A French citizen who had converted to Islam, Nicolas Bons, 30, died as a suicide bomber, fighting for the jihadi cause near Homs, Syriawrites Sylvie Kaufmann in Commentary.
A few months earlier, his half brother, Jean-Daniel, 22, had also been killed in Syria. The two had traveled together to Syria from Toulouse.
Once there, they became poster boys for foreign jihad. They even posted a video on YouTube, calling on their “brothers” in France to join them.
[Their mother, Dominique] Bons, herself an atheist, had watched helplessly as Nicolas changed his lifestyle, turning away from friends, drinking, dancing, dating. But when he sent a message from Syria, she was at a loss to understand.
“To convert to Islam, O.K., maybe this is not so serious,” she told the television channel France 2. “But Syria, that was a big shock.”
Stories of homegrown jihadists are becoming tragically familiar this year in France. A month after Nicolas’s death, also in Toulouse, two teenagers (whose names have not been released as they are minors), left one morning apparently to go to school; instead, they went to the airport and boarded a plane to Istanbul.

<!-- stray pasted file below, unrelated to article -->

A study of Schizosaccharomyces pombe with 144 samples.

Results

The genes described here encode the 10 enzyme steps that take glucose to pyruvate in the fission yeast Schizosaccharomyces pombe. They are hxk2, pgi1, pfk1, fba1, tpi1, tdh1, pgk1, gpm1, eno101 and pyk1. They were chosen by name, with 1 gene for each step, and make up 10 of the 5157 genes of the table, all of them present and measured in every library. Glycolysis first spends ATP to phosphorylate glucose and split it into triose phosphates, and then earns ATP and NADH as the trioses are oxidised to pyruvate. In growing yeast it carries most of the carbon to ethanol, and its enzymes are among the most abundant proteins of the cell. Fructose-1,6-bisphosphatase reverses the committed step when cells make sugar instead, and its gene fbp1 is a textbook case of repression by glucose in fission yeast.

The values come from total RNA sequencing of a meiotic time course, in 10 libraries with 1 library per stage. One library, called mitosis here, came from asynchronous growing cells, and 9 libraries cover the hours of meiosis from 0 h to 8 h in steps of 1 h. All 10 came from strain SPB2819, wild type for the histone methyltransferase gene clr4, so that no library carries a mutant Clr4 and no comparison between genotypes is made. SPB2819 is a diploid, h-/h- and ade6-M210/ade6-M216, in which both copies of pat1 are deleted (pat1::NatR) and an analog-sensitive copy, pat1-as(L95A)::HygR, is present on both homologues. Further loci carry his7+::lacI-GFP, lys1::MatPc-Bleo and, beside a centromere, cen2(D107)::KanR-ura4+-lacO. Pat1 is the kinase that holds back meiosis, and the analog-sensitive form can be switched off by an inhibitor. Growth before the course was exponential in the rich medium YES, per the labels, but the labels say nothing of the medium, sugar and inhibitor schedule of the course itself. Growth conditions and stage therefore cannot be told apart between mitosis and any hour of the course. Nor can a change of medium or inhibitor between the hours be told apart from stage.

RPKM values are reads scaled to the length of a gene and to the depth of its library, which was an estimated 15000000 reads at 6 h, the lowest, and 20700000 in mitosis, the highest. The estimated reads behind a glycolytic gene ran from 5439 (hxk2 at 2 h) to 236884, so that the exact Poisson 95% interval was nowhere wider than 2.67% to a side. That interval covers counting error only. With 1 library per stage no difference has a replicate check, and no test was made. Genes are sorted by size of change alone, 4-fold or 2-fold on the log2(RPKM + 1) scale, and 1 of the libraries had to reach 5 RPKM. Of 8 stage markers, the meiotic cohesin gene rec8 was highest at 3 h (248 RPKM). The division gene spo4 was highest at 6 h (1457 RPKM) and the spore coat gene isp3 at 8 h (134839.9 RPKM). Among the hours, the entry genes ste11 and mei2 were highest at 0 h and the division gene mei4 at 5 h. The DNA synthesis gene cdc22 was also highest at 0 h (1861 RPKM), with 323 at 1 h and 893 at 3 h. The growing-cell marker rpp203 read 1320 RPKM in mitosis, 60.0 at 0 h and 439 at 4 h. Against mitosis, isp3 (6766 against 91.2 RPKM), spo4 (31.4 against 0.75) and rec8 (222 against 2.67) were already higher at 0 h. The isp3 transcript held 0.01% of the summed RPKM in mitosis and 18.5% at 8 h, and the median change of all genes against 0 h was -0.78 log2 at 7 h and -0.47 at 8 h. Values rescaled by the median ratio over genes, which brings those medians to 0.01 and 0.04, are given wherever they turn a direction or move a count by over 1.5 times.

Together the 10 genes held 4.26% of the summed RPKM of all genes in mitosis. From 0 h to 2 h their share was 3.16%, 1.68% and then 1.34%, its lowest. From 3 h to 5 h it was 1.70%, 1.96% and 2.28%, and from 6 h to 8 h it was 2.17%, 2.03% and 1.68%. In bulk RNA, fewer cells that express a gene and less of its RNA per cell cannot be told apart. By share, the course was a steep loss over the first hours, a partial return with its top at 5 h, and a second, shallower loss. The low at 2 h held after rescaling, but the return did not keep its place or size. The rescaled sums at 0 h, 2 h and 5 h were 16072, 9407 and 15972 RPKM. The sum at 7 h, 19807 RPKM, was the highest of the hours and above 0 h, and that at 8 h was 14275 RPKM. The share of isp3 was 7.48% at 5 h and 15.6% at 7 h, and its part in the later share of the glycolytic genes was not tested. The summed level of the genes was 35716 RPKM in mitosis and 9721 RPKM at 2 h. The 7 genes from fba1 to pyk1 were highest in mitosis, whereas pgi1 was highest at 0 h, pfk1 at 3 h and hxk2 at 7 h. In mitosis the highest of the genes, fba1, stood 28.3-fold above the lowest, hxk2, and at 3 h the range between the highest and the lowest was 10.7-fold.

… Foreign fighters in Syria come from all over Europe, but the French have provided the biggest group. French journalists held since last year in the infamous “factory of hostages” area near Aleppo, and released in April, were dismayed to discover that some of their hooded guards were, in fact, their countrymen.
This is not happening in faraway Waziristan. This new jihad is just on the other side of the Mediterranean. European Union citizens don’t even need a visa to go to Turkey, bordering Syria.
Who are these young men and, in some cases, women? What drives them? The days of Al Qaeda cells, of groups formed in radical mosques, easily monitored by police, are gone, experts say. This is the era of “lone wolves” — self-radicalized or radicalized in prison, brainwashed with videos of violence and martyrdom circulated on the Internet.